Teacher Education Program

Teaching and Curriculum Program (TAC)

Dahl with students in a classroomThe Teaching and Curriculum program (TAC) prepares individuals to become middle- or secondary-school classroom teachers in urban settings. Candidates include those with a strong commitment to urban education who hold liberal arts undergraduate or graduate degrees. The Program seeks those who wish to utilize an in-depth understanding of subject matter to construct meaningful learning activities and assessments for all students. The Program believes that those who value the methodology and social importance of their work, and hold a passion for their subject matter, will become more enthusiastic, more creative, and more effective teachers.

Objectives

The objectives for the Teaching and Curriculum (TAC) program are:

  • To educate teachers to advocate skillfully for the achievement of all students by utilizing an in-depth understanding of subject matter to construct meaningful learning activities for all students at various developmental stages;
  • To prepare leaders and agents for organizational and social change in classrooms, schools, and society. These teachers will understand the role of organizational dynamics and power relationships in their work;
  • To develop and share an exemplary teacher education program focused on issues of urban education where teachers understand how different students learn and develop and use this understanding to construct appropriate, positive learning environments, curriculum and assessments to achieve equity and democracy in their classrooms, schools and society.

The centerpiece of the Program is extensive fieldwork in secondary classrooms that helps to integrate practice and theory as well as curricula and pedagogy. The program explicitly teaches and practices critical reflection about classroom practices, the context of education and the nature and purposes of teaching and learning. The link among subject-matter interests, curriculum development, issues of social location and practice provides TAC candidates with opportunities to implement, assess, and revise curricula in urban classrooms while working under the supervision of experienced classroom teachers and, over time, to revitalize traditional materials and introduce new ideas into schools.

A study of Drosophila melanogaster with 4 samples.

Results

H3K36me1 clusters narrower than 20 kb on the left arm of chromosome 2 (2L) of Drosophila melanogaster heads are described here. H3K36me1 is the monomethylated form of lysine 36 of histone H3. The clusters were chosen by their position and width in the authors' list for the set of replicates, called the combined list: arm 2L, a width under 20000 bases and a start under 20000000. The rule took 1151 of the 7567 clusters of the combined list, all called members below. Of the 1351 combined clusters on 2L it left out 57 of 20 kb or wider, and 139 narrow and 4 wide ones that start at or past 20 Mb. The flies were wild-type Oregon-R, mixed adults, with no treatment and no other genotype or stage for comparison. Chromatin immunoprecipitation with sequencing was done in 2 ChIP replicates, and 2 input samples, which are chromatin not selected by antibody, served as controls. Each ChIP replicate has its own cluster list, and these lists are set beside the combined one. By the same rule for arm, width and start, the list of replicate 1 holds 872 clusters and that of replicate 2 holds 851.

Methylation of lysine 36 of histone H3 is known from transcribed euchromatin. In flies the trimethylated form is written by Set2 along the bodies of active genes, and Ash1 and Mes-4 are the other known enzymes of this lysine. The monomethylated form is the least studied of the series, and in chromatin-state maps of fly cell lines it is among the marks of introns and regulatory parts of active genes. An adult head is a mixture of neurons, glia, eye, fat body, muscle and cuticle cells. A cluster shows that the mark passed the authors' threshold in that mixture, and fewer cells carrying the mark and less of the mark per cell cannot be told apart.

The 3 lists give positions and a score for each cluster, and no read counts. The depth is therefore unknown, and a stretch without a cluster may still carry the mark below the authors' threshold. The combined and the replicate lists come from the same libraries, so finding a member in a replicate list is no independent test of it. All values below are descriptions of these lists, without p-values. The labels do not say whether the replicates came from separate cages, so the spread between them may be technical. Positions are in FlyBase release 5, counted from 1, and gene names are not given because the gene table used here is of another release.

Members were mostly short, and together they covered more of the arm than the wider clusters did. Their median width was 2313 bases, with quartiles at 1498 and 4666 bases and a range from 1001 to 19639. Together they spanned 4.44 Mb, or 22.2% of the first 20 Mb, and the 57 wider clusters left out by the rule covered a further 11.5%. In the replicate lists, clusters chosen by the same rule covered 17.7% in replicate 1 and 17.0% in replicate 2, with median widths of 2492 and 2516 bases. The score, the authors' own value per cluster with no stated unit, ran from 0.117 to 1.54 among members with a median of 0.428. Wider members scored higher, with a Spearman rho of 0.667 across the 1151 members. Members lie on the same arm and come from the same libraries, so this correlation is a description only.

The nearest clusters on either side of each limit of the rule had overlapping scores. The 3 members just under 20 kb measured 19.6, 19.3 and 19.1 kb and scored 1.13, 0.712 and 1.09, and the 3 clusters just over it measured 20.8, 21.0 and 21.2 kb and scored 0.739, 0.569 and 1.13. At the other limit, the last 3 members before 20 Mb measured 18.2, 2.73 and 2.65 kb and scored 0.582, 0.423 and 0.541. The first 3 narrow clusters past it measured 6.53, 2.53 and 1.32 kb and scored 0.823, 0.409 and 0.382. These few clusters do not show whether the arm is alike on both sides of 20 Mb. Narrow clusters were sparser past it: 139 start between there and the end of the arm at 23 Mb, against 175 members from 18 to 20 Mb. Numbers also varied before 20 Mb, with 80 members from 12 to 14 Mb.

Background

Begun in 1985, the TAC Program is a result of the Graduate School of Education's commitment to develop an innovative teacher education program focused on the importance of the translation of candidates' subject-matter knowledge into curriculum that can best engage today's urban adolescents. The Program believes that the candidates' abilities to reflect upon their practice and to use that reflection for change and growth in urban settings is what will sustain and nurture them throughout their professional lives. TAC participants learn how to engage with effective teaching practices and develop habits of reflective practice that are the lifeblood of successful, experienced teachers.

tep studentTAC enrolls around 30 students per year. Roughly 25% of candidates have had previous teaching experience (e.g., abroad, in private schools, through Teach for America, or with waivers in public schools), another 25% have just completed their undergraduate education, and most have been involved in work that reflects social commitment and/or activism; or, in the case of mid-career humanities candidates, have been involved in such fields as law, journalism, non-profits, publishing, and government. Graduates may receive certification and licensure at grades 5-8 in the following fields: biology, earth science, English, general science, history, mathematics, and political science/political philosophy. At grades 8-12, certification and licensure may be received in biology, chemistry, earth science, English, history, mathematics, physics, and political science/political philosophy. No previous teaching experience is required for entrance into the program. View information on requirements and certification.

Teacher Journals

Several students have agreed to share their journals about learning to teach on the HGSE website. These students describe their work in urban schools, their coursework at Harvard, and the challenges and exhilarations of becoming a first-rate urban teacher. For a chance to experience and explore the program through the eyes of a student, visit Teacher Journals: In School with Educators.